Martin Dutton SWAc was born in Uttoxeter, Staffordshire. He lived and worked for many
years in the North of England as a painter and lecturer in Further and Higher
Education, culminating as Head of Department for 13 years at Bradford College.
He retired from education and moved to Devon to focus on painting.
Now well-established in the South West, he has been elected to the South West
Academy of Fine and Applied Art, is president of the Teignmouth Art Society and a
committee member of the Devon Art Society and Torbay Guild of Artists.
Martin's paintings belong to that long tradition of romantic response to the
light and colour of the natural world, yet they also contain within them deeper
meanings and references as our imagination is carried into the image. His work
exudes painterly flair and visual lyricism. They are truly paintings for lasting
enjoyment and contemplation.
Over recent years Martin has developed the still life/landscape theme
as the major focus of his work. This has provided him with an ideal
vehicle for expressing a range of visual ideas to do with colour and mood,
surface expressiveness, pictorial structure and iconography.
consciously uses iconography (builds a narrative into a picture) it can be a
whimsical and anecdotal detail in the overall composition (as in The
Landscape Awakes - Menerbes, Provence No. 1) or it can be central to
the compositional layout (as in Easter Still Life and Abandoned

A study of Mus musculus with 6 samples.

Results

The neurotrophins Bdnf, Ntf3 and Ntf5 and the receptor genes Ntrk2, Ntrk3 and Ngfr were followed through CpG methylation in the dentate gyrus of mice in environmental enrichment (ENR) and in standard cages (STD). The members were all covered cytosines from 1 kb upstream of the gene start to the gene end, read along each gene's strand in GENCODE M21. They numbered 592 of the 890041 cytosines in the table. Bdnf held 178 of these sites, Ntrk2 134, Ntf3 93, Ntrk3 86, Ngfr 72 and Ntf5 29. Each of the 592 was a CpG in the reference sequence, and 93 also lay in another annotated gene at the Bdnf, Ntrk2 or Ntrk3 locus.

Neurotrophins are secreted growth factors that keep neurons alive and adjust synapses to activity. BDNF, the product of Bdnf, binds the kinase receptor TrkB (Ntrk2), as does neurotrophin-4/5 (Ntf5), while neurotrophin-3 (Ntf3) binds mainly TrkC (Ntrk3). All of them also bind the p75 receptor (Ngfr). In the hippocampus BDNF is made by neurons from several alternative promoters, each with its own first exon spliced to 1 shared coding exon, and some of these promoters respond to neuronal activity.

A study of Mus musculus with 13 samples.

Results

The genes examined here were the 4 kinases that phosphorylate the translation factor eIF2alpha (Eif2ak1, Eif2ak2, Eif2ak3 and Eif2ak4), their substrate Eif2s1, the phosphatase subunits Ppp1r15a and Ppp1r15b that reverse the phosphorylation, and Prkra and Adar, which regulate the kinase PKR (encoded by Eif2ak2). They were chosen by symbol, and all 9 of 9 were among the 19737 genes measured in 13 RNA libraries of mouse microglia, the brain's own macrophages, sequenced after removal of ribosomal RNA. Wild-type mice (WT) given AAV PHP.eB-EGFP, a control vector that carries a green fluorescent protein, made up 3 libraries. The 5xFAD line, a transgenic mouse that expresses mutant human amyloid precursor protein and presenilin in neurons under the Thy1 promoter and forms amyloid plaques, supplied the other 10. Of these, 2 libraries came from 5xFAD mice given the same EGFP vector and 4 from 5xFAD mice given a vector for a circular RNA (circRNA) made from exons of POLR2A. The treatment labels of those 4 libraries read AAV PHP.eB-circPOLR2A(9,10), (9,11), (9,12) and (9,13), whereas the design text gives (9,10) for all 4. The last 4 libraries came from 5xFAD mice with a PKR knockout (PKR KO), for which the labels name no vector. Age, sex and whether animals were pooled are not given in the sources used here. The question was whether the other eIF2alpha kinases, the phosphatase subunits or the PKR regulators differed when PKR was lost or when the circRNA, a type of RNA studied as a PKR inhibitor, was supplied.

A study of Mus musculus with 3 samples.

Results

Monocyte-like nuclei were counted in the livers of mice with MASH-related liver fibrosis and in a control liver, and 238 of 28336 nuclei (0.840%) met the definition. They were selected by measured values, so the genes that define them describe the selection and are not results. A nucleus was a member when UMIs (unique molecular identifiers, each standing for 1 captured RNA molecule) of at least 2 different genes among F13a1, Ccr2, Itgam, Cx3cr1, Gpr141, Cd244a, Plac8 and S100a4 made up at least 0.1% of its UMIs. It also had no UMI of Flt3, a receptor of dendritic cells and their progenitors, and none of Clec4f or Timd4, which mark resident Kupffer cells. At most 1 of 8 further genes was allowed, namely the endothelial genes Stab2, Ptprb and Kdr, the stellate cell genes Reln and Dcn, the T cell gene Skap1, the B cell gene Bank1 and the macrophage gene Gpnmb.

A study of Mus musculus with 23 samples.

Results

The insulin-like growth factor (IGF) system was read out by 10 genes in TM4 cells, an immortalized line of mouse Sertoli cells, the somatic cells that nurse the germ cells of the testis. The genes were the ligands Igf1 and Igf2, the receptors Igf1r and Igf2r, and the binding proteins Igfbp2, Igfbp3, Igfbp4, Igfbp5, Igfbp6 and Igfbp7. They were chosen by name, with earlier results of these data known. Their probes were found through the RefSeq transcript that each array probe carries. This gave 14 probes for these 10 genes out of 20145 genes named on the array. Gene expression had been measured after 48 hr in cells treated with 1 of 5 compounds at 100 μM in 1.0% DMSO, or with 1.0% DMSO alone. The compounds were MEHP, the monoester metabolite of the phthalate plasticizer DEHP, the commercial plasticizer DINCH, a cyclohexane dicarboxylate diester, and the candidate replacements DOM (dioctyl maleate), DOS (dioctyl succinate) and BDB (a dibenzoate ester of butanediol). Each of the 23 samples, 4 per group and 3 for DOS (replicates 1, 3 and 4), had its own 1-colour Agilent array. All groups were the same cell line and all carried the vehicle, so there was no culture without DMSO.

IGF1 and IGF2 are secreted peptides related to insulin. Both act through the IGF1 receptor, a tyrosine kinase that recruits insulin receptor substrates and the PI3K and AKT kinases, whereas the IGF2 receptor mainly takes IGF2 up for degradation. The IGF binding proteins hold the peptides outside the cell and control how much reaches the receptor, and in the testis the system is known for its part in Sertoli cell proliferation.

Game). Ideas for the still life and landscapes usually derive from
travel experiences and related in-situ studies.
The ideas are born out of digested memories and a creative need to work
with colour and pigment to produce images that evoke the lyrical nostalgia
of experiences in beautiful places.
The compositional arrangement of the various elements within the paintings
is usually derived from the format of a table in front of an open window.
This compositional device provides a formal visual and physical structure
which gives both stability to the picture and also places the viewer within
an interior looking out on to an evocative land or seascape. Objects and
spaces are often distorted from traditional pictorial perspective according
to the artist's intuitive sense of the rhythmic dynamics of picture making
(which also relates back to his involvement in abstract painting).
The viewer's eye is invited to pass beyond the still-life through the window
and out into the infinite space of nature. As the eye passes through, so does
the mind and imagination, escaping into the refreshing freedom of the natural
world. We breathe more deeply and calmly in front of these images.
They conjure in us nostalgic thoughts, digested memories, absorbed
experiences and hopefully, our spirits are elevated with an inner glow.